Race and Juvenile Justice

“Today, 50 years after Gault, youth of color continue to be disproportionately suspended and expelled, arrested, processed in courts rather than diverted, detained in secure facilities and transferred to adult court for prosecution.” — Professor Kristin Henning, reflecting on racial disparities in the juvenile justice system 50 years after the Supreme Court’s affirmation of the right to due process, including to defense counsel, for juveniles in delinquency proceedings.

Racial Disparities    Race and Juvenile Justice Resources    Additional Resources on Race and the Criminal Legal System

According to the Sentencing Project, overall juvenile placements fell 54% between 2001 and 2015, with reductions in numbers for white, Black, Latinx, and Native youth. Yet because white placements declined at a faster rate, significant existing racial disparities in juvenile placements widened even further. The racial disparity between Black and white youth in custody increased by 22%—Black youth were more than five times as likely to be detained or committed than were white youth in 2015 (September 2017). During that time, racial disparities increased in 37 states and declined in 13 states. The disparity between Native and white youth increased nationally by 14% between 2001 and 2015, but in some states the disparity grew more dramatically, so much as doubling in Arizona (October 2017).

Broad discretion across the juvenile justice system means that implicit, and sometimes explicit, bias can manifest in decisions spanning the entire juvenile justice process. A 2017 report out of the Center on Poverty and Inequity at Georgetown Law examines the disparate treatment of Black girls by various system actors:

  • Black girls are 2.7 times more likely than white girls to be referred to juvenile justice and are 1.2 times more likely to be detained.
  • Black girls are three times more likely to be removed from their homes and placed in state custody than are white girls.
  • Prosecutors are 20% more likely to formally petition in cases involving Black girls than in cases involving white girls.
  • Judges consistently hand down more severe dispositions to Black girls than to white girls, even after accounting for seriousness of the offense, prior record, and age.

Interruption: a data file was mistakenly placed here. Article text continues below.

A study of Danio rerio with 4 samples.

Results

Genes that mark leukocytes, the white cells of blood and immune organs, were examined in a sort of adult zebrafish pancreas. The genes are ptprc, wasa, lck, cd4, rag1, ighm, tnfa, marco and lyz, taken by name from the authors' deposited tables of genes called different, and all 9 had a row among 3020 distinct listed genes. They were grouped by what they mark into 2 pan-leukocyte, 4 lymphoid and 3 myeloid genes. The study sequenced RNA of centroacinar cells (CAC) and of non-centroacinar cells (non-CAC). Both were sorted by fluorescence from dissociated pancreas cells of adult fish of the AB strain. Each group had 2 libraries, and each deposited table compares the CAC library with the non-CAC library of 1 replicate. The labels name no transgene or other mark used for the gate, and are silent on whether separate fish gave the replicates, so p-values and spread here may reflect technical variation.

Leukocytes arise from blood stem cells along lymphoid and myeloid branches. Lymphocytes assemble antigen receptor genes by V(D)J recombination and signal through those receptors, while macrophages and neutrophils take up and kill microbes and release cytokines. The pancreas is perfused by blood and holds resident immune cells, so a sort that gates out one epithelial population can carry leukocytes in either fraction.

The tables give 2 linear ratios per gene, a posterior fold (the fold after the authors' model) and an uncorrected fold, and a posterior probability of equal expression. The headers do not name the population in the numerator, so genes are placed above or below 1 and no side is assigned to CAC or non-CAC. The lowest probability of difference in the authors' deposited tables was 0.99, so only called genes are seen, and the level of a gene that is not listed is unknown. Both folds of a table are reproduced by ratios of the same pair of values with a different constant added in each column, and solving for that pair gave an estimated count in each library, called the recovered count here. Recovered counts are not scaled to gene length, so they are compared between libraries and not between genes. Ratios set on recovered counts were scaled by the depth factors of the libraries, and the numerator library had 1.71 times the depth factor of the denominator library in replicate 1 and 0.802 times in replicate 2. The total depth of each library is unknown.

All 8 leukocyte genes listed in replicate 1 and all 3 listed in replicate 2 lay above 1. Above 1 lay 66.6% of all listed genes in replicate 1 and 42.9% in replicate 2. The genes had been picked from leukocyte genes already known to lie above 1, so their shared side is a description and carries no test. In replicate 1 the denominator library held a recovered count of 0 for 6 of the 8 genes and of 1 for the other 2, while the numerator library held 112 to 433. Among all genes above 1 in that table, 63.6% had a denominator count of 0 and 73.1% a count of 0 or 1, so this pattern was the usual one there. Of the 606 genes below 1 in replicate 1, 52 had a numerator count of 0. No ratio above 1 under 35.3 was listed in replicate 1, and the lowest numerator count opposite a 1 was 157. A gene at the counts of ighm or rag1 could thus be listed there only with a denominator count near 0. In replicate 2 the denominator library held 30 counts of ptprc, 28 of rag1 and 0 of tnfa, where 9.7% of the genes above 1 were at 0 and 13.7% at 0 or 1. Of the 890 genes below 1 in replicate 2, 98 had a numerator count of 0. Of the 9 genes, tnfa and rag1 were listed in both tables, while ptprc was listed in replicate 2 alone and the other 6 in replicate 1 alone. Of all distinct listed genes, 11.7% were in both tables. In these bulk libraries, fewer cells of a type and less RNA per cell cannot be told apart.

The Georgetown Law report argues that “the perception of Black girls as less innocent and more adult-like may contribute to more punitive exercise of discretion by those in positions of authority, greater use of force, and harsher penalties.” This “adultification” of Black youth, and especially of Black girls, likely contributes to the disproportionate representation of Black girls who are incarcerated; according to Prison Policy Initiative, Black girls comprise 35% of the population of girls who are locked up, Latina girls account for 19%, and white girls account for 38% (October 2019).

While overall rates of juvenile incarceration have declined across demographic groups, the rates at which Black kids are being transferred to adult courts are among the highest in 30 years of data collection (National Association of Social Workers, 2018). Judicial discretion certainly plays a large role: Black youth make up 47.3% of youth transferred to adult court by juvenile court judges who believe they cannot benefit from the juvenile system, despite making up only 14% of the total youth population. Data from a 2016 study in Florida show even more stark racial disparities regarding youth in the adult criminal legal system (National Association of Social Workers, 2018):

  • Black youth made up 67.7% of mandatory and discretionary direct file transfers in 2016, even though they are only 21% of the youth population.
  • Black and Hispanic youth were significantly more likely than their white counterparts to be sentenced to serve time in an adult jail when transferred to adult court.
  • Judges gave Black youth prison sentences that were, on average, 7.8% longer than the prison sentences they gave to white youth for the same type of offense.

The consequences of these practices, and these disparities, are severe—youth in the adult criminal legal system are more likely to commit suicide, have psychiatric symptoms, and to recidivate than are youth in juvenile facilities.

Reform efforts to address issues in the juvenile justice system should focus on reducing racial disparities at all levels, from interactions with police, to court systems and transfer mechanisms, to the facilities themselves. Extensive data, disaggregated by race and gender, is critical to understanding the scope and causes of racial disparities and to creating trajectories for change.